Hills! They often get a bad rap in cycling. But, whether you love them or hate them, they’re a necessary evil on the road.
Not only do they help improve your speed and endurance, but they also help generate more power while cycling. So if you want to get better at climbing, you need to learn how to tackle them correctly.
That’s why we put together this list of nine climbing mistakes to avoid when cycling, so you can make the most of every pedal stroke on the way up.
9 Climbing Mistakes to Avoid
1.) Starting too fast
The first, and most common mistake people make when cycling uphill is going all out at the beginning of the climb. You start off with your legs feeling good and your adrenaline flowing, but before you know it, you’re breathing hard and your heart rate is through the roof.
You might make it a quarter or halfway up the hill before having to ease off the gas due to fatigue. By starting out too fast, you’ve essentially shot yourself in the foot and made the rest of the climb that much harder.
Instead, work on finding a sustainable pace that you can maintain for the entirety of the climb. It might not be as fast as you’d like to go at first, but trust us, you’ll make it to the top without having to take a breather and your legs will thank you for it later.
2.) Using too low a gear
The next mistake to avoid while climbing is choosing a gear that's too low. When you do this, you end up spinning your legs too fast and not getting the power output that you need to make it up the hill.
Instead, try to find a balance between cadence and resistance. You want to be able to maintain a steady pedal stroke without overworking your legs.
3.) Using too high a gear
Just like it's important to make sure your gear isn't too low, another mistake would be to choose a gear that's too high. This will make pedaling much harder than it needs to be and put unnecessary stress on your knees.
If you find yourself having to stand up out of the saddle to pedal, then your gear is probably too high. Instead, try shifting into a lower gear so you can maintain a consistent cadence.
4.) Shifting at the wrong time
The next mistake you want to avoid while cycling is shifting gears at the wrong time. This is a mistake that’s often made by beginner cyclists who are still getting used to the feel of their bike.
If you attempt to shift gears when you're already pedaling uphill, it can stress your chain and wear out your bike.
As a general rule of thumb, you want to shift gears before you start to feel resistance. If you wait until you feel like you’re pedaling through molasses, then it’s already too late.
5.) Not controlling your breathing
A very common mistake cyclists make when cycling uphill is not controlling their breathing. When you’re climbing, your breathing should be deep and steady.
Taking nice steady breaths while cycling ensures that you’re getting the oxygen your muscles need to keep pedaling. When your breathing gets out of control, you’re going to get fatigued faster and it will make the climb that much harder.
If you start to pant and feel like you can’t catch your breath, then it’s a sign that you’re going too hard and need to back off the pace.
6.) Climbing on the tops
Another common mistake you often see with beginner cyclists is climbing out of the saddle on the tops. This refers to holding onto the top of your handlebars while pedaling.
This may seem like a natural position to be in, but it’s actually putting you at a disadvantage. When you climb out of the saddle on the tops, you have less stability and control over the bike and you’re not getting full power output from your legs.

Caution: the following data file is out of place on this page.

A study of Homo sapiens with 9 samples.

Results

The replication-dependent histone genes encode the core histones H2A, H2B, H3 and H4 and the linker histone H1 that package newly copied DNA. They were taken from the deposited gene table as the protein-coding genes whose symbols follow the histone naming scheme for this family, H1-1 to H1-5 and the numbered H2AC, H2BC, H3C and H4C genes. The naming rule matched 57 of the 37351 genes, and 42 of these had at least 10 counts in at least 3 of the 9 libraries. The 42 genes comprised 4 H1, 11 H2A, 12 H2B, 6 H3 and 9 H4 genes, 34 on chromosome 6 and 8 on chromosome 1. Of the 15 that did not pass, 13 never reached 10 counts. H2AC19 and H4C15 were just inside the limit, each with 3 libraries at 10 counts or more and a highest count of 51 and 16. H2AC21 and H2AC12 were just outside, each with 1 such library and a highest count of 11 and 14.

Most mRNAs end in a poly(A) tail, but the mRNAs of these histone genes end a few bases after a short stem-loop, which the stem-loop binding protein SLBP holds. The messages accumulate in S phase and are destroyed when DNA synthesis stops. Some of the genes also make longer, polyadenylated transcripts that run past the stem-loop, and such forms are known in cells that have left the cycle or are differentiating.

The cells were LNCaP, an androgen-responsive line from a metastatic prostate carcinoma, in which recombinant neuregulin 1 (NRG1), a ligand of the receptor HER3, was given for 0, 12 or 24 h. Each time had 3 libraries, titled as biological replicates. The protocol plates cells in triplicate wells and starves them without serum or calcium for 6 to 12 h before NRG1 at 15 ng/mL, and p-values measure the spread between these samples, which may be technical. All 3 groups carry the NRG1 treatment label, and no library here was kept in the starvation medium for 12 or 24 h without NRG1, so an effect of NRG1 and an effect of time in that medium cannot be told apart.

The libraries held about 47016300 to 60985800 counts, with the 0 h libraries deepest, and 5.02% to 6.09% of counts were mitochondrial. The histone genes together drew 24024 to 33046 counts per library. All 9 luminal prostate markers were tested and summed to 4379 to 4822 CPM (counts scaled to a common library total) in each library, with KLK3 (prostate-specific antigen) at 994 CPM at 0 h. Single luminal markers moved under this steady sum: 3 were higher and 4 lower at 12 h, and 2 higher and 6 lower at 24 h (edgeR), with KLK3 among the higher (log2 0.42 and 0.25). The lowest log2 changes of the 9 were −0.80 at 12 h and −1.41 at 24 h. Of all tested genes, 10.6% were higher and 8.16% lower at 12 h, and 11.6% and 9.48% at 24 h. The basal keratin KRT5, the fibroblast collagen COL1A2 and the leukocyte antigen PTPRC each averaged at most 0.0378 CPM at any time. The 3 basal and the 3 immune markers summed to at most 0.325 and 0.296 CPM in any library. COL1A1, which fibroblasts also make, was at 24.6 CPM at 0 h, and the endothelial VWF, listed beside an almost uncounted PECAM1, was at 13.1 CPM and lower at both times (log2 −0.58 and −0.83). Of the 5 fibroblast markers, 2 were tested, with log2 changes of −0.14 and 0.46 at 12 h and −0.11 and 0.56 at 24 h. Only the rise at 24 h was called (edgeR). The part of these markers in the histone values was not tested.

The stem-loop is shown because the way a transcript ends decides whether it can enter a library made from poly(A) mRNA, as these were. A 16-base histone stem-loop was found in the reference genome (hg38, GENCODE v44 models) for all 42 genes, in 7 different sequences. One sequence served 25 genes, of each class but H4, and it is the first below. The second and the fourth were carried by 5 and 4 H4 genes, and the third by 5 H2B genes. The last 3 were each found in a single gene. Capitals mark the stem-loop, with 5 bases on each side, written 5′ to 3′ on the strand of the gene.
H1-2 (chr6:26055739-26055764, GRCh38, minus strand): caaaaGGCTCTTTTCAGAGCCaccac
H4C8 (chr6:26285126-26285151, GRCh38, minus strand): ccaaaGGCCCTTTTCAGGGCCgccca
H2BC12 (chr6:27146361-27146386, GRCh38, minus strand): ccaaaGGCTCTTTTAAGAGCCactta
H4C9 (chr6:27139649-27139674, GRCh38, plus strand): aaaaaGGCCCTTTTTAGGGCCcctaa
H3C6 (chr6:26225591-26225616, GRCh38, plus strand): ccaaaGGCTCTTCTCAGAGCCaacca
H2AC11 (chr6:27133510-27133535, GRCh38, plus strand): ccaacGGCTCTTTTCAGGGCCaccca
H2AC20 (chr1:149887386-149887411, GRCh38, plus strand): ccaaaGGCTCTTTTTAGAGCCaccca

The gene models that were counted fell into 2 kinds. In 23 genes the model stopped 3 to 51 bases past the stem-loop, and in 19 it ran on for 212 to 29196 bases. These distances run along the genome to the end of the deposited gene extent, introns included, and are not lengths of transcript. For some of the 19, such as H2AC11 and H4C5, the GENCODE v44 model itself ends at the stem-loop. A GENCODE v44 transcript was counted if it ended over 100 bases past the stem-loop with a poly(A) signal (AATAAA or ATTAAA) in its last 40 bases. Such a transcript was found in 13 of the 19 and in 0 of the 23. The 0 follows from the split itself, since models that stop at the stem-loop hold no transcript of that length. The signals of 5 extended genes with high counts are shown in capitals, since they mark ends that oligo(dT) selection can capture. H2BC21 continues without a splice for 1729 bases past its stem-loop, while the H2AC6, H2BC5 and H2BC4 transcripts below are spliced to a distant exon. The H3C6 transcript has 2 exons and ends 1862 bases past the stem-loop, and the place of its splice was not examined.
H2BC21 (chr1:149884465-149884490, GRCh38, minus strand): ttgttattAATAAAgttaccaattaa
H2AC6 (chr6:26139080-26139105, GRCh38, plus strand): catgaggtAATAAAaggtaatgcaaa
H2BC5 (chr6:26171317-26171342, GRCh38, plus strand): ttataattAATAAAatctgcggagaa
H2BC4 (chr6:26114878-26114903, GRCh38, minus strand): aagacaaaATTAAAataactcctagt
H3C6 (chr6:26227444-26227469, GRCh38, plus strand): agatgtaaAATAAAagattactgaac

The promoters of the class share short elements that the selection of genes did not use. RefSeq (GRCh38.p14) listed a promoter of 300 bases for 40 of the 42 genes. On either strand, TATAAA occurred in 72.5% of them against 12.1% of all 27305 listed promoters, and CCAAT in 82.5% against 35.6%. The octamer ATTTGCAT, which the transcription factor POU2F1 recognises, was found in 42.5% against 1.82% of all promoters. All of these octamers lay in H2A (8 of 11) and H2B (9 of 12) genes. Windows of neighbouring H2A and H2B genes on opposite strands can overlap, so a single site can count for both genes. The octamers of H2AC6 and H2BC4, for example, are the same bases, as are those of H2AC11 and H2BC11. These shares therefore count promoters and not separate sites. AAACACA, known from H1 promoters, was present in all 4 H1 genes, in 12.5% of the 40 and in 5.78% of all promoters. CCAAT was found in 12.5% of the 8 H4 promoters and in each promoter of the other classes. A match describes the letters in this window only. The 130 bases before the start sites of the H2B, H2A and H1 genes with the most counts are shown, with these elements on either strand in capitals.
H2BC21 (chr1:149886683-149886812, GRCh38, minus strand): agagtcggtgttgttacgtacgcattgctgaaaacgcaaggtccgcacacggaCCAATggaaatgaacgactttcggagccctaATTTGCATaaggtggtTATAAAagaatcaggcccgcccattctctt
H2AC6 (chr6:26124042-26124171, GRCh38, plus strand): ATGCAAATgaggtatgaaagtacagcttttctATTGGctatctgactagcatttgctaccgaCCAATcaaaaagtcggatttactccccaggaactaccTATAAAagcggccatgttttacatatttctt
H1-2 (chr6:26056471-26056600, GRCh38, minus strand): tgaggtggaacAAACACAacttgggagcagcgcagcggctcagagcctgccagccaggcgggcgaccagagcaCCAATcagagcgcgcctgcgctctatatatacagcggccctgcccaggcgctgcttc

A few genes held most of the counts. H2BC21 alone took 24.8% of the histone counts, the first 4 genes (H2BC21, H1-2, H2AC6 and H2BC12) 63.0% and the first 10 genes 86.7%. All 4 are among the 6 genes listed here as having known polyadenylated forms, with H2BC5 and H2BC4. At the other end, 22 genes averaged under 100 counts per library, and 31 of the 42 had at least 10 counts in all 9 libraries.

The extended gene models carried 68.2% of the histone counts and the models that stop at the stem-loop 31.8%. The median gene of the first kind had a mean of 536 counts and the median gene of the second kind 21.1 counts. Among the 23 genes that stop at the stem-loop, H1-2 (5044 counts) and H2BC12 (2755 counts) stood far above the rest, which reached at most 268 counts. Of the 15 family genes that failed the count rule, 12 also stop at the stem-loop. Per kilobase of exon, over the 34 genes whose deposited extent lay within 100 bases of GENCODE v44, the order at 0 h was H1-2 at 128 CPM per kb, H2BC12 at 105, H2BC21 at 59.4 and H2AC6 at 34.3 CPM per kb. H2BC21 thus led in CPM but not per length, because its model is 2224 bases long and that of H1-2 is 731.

Instead, be sure to position your hands in the drops when climbing. This will give you more power and control while cycling, making it easier to make it to the top.
7.) Not staying properly fueled
Another important mistake to avoid when climbing hills is not being properly fueled. Cycling is a physically demanding sport and hills are even more so.
Without proper nutrition, your body won’t have the energy it needs to make it to the top. Be sure to eat a balanced meal with complex carbs and protein before heading out on your ride.
And, if you’re going to be riding for more than an hour or two, you should also bring along some snacks and drinks to keep your energy levels up.
Just be sure not to eat any of your snacks while climbing a tough hill.
8.) Standing up
Something else to avoid when cycling uphill is standing too long in the saddle. It might seem like it's helping or giving you that extra push, but if done too long it can do more harm than good.
Standing up in the saddle requires more energy and effort as you ride. It puts more load on your legs and kicks your heart rate up.
It might generate more power, but it comes at a cost. If done too early or for too long, it can wear you out before you even reach the top.
If you choose to stand up while cycling uphill, make sure to use it sparingly and don't overdo it on the long hills.
9.) Getting mentally overwhelmed
A rarely mentioned but important climbing mistake to avoid when cycling is getting mentally overwhelmed. It's easy to let big hills intimidate or psych you out before you even start climbing.
Add that into the physical effort (and sometimes pain!) of the actual climb and it can go from challenging to miserable pretty quick.
The key to climbing hills is to take them one pedal stroke at a time and not think about how long or hard the hill is. If you can focus on just pedaling and keeping your breathing steady, then the hill will eventually end and you'll be glad you made it to the top!
Climbing hills on a bike doesn't have to be intimidating or difficult. By avoiding these common mistakes, you’ll make cycling uphill a lot easier and more enjoyable.
Just remember to start slow, keep your breathing steady, and focus on pedaling one stroke at a time. With a little practice, you'll be climbing like a pro in no time!